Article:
Rating: 5 out of 5
I received The Paris Wife as a graduation gift from a friend, and I must say that it was a great gift indeed! This 2011 novel by Paula McLain narrates the relationship between Ernest Hemingway and his first wife, Hadley Richardson. Even if you don’t know or like Hemingway all that much, you’ll enjoy McLain’s wonderfully written and researched novel.
The book starts off with Hadley, eight years Hemingway’s senior, falling in love with the writer despite warnings from their friend Kate Smith. The couple married in 1921, and the rest of the novel follows their travels across America and Europe during their five-year marriage.
I loved feeling like a fly on the wall watching the most famous artists and authors of the 1920s, including Sherwood Anderson, Gertrude Stein, James Joyce, and F. Scott Fitzgerald. It’s noble how hard these people had to work to make a living with their words, but for some of them, it’s also tragic how all their fame and fortune masked deep, dark pain.
I empathized with Hadley, who never felt like she truly belonged to this group of literary giants. She called herself a hen among peacocks. And although she was a gifted pianist, she sacrificed her passions for Ernest’s career. I can understand Hemingway’s fierce devotion to his craft, but his selfishness and narcissism destroyed his marriage and most of his friendships.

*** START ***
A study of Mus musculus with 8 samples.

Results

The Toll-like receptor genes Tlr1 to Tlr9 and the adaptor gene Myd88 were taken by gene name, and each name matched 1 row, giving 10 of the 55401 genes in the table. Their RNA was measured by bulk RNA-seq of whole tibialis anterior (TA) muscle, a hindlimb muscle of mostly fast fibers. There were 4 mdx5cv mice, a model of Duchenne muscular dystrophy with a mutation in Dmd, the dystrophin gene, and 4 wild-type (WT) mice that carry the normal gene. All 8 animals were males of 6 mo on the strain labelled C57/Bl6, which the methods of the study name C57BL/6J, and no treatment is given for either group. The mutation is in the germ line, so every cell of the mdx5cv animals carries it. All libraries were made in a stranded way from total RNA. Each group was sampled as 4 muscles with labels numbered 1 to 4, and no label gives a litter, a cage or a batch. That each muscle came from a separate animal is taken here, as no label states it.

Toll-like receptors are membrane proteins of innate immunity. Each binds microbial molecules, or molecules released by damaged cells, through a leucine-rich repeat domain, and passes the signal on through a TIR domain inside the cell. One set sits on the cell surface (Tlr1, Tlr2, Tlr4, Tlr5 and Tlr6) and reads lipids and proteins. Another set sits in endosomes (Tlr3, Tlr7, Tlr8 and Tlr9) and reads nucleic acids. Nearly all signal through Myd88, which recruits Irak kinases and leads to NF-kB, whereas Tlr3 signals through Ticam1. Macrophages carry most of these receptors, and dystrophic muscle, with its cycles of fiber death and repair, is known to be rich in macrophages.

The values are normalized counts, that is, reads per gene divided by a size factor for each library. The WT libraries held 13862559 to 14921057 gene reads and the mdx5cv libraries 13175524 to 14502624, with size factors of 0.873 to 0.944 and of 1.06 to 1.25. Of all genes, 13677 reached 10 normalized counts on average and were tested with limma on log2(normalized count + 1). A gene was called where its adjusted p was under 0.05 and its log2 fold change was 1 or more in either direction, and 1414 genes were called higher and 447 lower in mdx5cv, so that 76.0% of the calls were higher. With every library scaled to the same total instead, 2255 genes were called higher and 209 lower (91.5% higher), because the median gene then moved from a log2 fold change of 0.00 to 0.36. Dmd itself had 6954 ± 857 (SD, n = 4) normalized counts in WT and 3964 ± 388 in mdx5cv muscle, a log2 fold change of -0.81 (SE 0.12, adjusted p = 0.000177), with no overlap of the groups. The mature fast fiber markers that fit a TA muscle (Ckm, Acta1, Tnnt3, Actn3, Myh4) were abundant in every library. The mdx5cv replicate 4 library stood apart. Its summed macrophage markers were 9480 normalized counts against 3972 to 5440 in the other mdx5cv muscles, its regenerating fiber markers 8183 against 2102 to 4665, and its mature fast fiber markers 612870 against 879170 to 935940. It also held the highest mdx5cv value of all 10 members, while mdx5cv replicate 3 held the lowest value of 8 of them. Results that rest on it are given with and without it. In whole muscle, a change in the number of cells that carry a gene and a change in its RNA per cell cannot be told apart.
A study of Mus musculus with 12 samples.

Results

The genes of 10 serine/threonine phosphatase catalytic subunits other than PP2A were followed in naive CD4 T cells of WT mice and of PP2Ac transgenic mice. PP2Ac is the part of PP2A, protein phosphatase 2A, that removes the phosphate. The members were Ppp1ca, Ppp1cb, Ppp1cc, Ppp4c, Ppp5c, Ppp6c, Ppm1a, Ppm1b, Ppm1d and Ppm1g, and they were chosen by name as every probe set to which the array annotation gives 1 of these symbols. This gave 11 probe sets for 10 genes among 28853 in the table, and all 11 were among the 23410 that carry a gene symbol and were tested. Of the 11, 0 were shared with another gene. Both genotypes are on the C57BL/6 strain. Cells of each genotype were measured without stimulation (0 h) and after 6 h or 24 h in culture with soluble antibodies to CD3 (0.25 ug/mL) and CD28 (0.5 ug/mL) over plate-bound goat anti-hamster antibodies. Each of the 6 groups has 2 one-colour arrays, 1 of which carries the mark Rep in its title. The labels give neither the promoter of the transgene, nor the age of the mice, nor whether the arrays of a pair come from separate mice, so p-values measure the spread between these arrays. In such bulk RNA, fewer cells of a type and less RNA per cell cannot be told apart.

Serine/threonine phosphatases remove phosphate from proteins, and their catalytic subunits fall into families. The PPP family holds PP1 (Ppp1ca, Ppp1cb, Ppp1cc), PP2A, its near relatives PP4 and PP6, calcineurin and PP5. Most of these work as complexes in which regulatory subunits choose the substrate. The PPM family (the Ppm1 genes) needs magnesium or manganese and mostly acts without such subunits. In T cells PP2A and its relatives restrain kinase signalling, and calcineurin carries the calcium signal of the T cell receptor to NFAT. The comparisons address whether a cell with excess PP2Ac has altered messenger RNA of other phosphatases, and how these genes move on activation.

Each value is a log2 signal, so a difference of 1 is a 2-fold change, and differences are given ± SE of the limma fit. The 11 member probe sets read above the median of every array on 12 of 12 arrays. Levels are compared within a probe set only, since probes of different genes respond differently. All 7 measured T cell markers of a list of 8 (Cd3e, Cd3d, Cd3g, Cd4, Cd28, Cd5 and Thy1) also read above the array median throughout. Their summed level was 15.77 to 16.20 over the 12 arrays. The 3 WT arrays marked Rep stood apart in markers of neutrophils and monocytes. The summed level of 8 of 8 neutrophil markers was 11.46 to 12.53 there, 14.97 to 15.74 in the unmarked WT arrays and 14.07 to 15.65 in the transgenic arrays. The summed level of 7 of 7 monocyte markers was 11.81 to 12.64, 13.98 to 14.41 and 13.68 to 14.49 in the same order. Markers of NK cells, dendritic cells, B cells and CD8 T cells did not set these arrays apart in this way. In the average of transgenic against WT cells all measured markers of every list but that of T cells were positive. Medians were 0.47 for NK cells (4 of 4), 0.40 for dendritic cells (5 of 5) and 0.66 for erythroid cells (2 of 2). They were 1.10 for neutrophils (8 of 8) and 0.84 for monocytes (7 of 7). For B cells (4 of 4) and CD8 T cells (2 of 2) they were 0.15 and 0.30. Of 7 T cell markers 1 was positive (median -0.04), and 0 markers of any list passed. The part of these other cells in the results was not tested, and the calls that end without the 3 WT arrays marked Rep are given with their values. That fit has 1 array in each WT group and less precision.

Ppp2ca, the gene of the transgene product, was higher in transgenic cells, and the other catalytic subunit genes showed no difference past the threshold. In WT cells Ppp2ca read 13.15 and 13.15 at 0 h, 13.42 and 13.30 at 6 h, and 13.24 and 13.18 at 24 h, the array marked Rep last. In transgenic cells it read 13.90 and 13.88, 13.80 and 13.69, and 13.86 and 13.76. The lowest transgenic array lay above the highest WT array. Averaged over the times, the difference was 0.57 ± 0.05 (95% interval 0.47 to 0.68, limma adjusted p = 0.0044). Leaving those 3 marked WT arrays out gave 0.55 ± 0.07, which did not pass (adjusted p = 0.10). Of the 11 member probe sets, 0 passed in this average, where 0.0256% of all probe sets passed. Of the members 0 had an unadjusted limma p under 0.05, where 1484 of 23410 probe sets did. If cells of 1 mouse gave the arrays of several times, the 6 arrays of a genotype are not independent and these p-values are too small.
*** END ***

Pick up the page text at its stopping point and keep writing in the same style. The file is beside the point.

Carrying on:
I read The Paris Wife, knowing the basics behind Hemingway and his work, but McLain really brings the details to life, illuminating the atmospheres of France, Spain, and Germany. I felt that it was an accurate portrayal of the historical events and characters, but it was also so much more than that.
The emotion in this story was so honest and beautiful. It broke my heart witnessing Hadley and Hem suffer from depression, alcoholism, and extramarital affairs. Hadley gave everything to her husband, content with raising their son rather than share the spotlight, but their relationship collapsed due to Hem’s refusal to compromise and remain faithful.
Hadley could be criticized for allowing herself to be treated like a doormat, but she knew that she was a romantic in a modern world of promiscuity and partying. She may have wanted a simple life, but at least she remained true to herself. While Hem first resisted and then dove into the good life of the literary elites, Hadley was never impressed by the lifestyle. Instead of following other wives and entering into a perverse three-way with her husband’s mistress, she walked away. Lesser women would’ve accepted such behavior to be Mrs. Hemingway, so I admire her courage to start over.
Hadley stated that she may be just “the Paris wife,” but she got the best of Hem. In the end, she found true love with journalist Paul Mowrer, married from 1933 to her natural death in 1979. Hemingway, on the other hand, skyrocketed as an author but spiraled down into three more unsuccessful marriages and suicide by shooting.
I don’t think I’m spoiling much, since Hemingway’s downfall is just as famous as his writing. A man traumatized by his experiences as a soldier during World War I and his own father’s suicide, he paid the ultimate price for being one of the greatest American writers of all time.
Trust me, you might think you know this story, but you will still be amazed by The Paris Wife. Highly recommended!